Human Chorionic Gonadotropin for AIDS- Associated Kaposi’s Sarcoma


Synopsis: One-third of men with mucocutaneous AIDS-associated Kaposi’s sarcoma responded to subcutaneously delivered human chorionic gonadotropin.

Source: Gill PS, et al. J Natl Cancer Inst 1997;89: 1797-1802.

Kaposi’s sarcoma is the most common aids-associated malignancy. About 30% of male homosexuals with AIDS develop Kaposi’s sarcoma. Only 3% of women with AIDS develop this complication. This dramatic difference in demographics was the first clue to the influence of the hormonal milieu on the tumor. Subsequently, Lunardi-Iskandar and colleagues demonstrated that the growth of Kaposi’s sarcoma cell lines was blocked in vivo during the early stage of pregnancy. They found that sera from pregnant women and commercial human chorionic gonadotropin preparations exerted growth inhibitory effects on Kaposi’s sarcoma cells in vitro.1 However, purified or recombinant human chorionic gonadotropin did not show antitumor effects. It turns out that some poorly defined factor associated with human chorionic gonadotropin is required to see antitumor effects.

Gill and colleagues examined the efficacy of a number of distinct commercial preparations of the hormone and found that a Wyeth-Ayerst product called APL had the greatest in vitro antitumor effect. They discovered it was capable of inducing regressions in Kaposi’s sarcoma lesions into which it was directly injected.2 Based on the preliminary positive clinical results, Gill et al performed a phase I clinical trial in which APL was administered in different doses and schedules to men with early stage mucocutaneous AIDS-associated Kaposi’s sarcoma.

Patients were entered consecutively, with six patients per group; group I received 5000 IU daily, group II received 10,000 IU three times a week, and group III received 10,000 IU daily. No further dose escalations were planned because of formulation problems. Treatment was continued until tumor progressed. In the absence of progressive disease, patients were kept on treatment indefinitely. No dose-limiting toxicities were noted in any patient; thus, no maximum tolerated dose was defined. However, six of 18 patients had major responses, including two of six at each dose level. The two responders at the highest dose level were complete. Five of the six responses continued for 207-515+ days. An additional nine patients had at least 10 weeks of stable disease.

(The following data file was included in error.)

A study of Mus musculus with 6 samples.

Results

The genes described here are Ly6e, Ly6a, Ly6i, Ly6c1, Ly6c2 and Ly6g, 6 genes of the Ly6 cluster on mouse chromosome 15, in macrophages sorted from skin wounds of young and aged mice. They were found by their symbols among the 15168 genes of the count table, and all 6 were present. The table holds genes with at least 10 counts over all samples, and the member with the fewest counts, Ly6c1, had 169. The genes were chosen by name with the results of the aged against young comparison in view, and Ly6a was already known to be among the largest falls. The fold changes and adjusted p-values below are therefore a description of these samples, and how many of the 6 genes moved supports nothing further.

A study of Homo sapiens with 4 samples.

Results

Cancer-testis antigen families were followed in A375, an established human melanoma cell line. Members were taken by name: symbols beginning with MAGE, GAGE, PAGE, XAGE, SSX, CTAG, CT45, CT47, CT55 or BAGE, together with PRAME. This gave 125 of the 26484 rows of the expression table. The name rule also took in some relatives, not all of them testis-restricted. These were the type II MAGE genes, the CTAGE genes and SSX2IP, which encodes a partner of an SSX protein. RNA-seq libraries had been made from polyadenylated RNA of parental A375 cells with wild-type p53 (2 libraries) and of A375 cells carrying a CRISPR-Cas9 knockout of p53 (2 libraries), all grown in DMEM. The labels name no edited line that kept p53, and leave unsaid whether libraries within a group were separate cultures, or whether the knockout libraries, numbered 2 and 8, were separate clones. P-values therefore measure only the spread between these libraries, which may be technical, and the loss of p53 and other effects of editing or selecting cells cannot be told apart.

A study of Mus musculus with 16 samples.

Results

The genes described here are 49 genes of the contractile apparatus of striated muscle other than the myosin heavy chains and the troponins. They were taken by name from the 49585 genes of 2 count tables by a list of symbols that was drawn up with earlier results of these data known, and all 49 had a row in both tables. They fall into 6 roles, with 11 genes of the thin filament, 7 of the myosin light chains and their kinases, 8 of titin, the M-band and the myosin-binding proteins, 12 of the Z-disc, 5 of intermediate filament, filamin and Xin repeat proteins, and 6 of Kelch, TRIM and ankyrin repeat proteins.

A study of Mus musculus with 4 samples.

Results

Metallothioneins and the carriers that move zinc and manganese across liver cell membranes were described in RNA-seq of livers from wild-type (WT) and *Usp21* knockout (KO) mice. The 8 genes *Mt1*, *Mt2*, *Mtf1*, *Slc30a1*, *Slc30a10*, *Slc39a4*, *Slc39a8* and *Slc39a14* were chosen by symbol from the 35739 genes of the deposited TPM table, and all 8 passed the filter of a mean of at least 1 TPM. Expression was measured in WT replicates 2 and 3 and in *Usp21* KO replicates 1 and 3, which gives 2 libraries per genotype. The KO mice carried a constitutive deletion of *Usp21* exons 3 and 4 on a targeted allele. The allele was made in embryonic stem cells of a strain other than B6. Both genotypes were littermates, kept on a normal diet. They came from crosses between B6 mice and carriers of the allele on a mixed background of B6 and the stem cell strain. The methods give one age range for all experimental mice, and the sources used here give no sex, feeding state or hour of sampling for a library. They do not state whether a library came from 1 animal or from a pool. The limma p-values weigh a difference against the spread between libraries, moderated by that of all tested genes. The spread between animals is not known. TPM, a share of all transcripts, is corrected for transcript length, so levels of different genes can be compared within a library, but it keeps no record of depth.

Side effects of treatment were mainly positive: 15 patients gained weight, nine had increased libido, eight reported increased energy, and seven had increased appetite. No hematologic toxicity was seen. Testosterone levels increased in nearly all patients. Follicle-stimulating hormone and luteinizing hormone levels decreased in 80-90% of patients. Hormonal changes were seen at all dose levels. Gynecomastia was observed in a single patient.


APL appears to have considerable potential as a therapy for AIDS in general and AIDS-related Kaposi’s sarcoma in particular. The side effects of therapy were largely salutary, one-third of patients had tumor response, and another half had stable disease. The preparation has direct antitumor effects, but in addition, the increase in testosterone levels and the decrease in FSH and LH levels influence a variety of physiologic functions. Responses were seen in people with CD4+ T cell counts below 200/mm3 and above, people taking and not taking protease inhibitors, and in patients with decreasing and stable or increasing viral loads. Some patients had evidence of an antiviral effect mediated chiefly by APL, but this occurred in only a minority of patients.

Clearly, it is important to determine the active component of the commercial preparation. However, in the meantime, it is difficult to see a major risk associated with the use of APL in patients with Kaposi’s sarcoma. The spectrum of side effects appears to be far more tolerable (actually some are beneficial) than those experienced with other Kaposi’s sarcoma treatments. APL is already FDA approved for other indications. It is an agent that may be worth considering for use even before phase III studies lead the FDA to approve it for this indication.


1. Lunardi-Iskandar Y, et al. Nature 1995;375:64-68.

2. Gill PS, et al. N Engl J Med 1996;335:1261-1269.

The human chorionic gonadotropin preparation APL:

a. decreases serum testosterone level in most treated patients.

b. produces responses in about one-third of patients with mucocutaneous AIDS-associated Kaposi’s sarcoma.

c. increases viral load.

d. interferes with the activity of protease inhibitors.

e. induces gynecomastia in 40% of patients.